George Eliot Hospital shows NHS IT can be in good health

Recent news paints an unflattering picture of technology in the National Health Service (NHS). This year alone the Health Secretary Andrew Lansley branded the NHS National Programme for IT (NPfIT) as an “expensive farce”, two suppliers (Accenture and Fujitsu) have pulled out of the programme, the Department for Health CIO responsible for the programme resigned in June, it emerged that cancelling a contract with CSC would cost more than continuing with it and fixing the problems and over the summer the Department set about a review which led to the whole programme being cancelled.

But what is the real story at the front line, in the hospitals themselves? As with many stories, the tale from Whitehall is very different from reality. At July’s CIO Transformation Summit University Central London Hospital (UCLH) CIO James Thomas made an inspiring presentation on the advances in technology implementation and networking improvements that he and his team have put into the trust. John Cornall and his team at the George Eliot Hospital in the Midlands have also improved patient care through technology innovation.

UCLH CIO James Thomas on negotiating regulatory scrutiny

Streams for success

George Eliot Hospital in Nuneaton, named after the famous English novelist who hailed from the Midlands town, is a district hospital for Nuneaton and the adjacent communities of Bedworth, Coventry and parts of Leicestershire. The hospital has 400 beds and provides all the services you’d expect to find in a district hospital including accident and emergency, maternity and cancer treatments.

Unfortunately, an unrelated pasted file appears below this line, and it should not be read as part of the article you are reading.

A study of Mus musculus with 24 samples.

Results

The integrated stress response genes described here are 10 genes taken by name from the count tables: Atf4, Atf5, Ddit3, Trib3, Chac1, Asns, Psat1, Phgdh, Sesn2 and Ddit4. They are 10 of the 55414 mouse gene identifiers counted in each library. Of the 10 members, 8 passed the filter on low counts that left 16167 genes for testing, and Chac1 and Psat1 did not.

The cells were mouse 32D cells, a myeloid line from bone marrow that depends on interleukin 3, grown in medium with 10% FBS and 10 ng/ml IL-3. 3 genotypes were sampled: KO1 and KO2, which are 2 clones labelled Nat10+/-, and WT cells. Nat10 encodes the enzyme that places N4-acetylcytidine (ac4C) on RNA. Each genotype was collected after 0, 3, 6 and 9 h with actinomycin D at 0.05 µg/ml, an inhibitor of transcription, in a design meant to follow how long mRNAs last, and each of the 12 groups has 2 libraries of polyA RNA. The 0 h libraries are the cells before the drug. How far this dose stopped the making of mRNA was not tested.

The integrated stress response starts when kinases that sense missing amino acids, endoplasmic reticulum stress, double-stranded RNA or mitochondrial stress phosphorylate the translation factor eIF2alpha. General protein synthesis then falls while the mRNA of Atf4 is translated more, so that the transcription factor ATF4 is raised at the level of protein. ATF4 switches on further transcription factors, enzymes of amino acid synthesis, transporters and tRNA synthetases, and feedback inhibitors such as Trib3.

The IT team, managed by IT director Cornall, has four development streams. Top of the list is a clinical IT development strand for the hospital workforce, a National Programme for IT and Local Health Economy stream, a quality/efficiency stream and a core infrastructure stream. The last of these lays the foundation for the other three in many respects and represents an area where this hospital, like UCLH, is making investments and modernising the way it delivers patient care.

“There is massive change in the NHS. There is a significant reconfiguration of services with fewer hospitals and there’s a lot of change in demand for our services. I cannot see that changing in the next two to three years,” says Cornall. “It is exciting. It’s a tunnel with light at the end, but the light keeps moving away. As an NHS IT team we have to be supporting the patients and clinicians with maximum safety.”

Cornall has just completed the integration of a wide area network (WAN) using Cisco technology and integrator Cisilion.
“It is a big investment decision and the business case payback is very difficult because the WAN is not the payback, but what it enables is the pay back through the utilisation of VitalPAC handheld device,” he says.

Cornall aims to improve the standard of care at the Midlands hospital by the introduction VitalPAC a handheld device for nursing staff to enter patient observation information, which can then trigger alerts to the nursing staff if there are medical conditions they should be made aware of. Cornall says this will lead to faster transfer of patients to specialist wards should it be required.

“That is far quicker than the paper-based system currently used and saves all manner of time and delivers better patient safety,” he adds.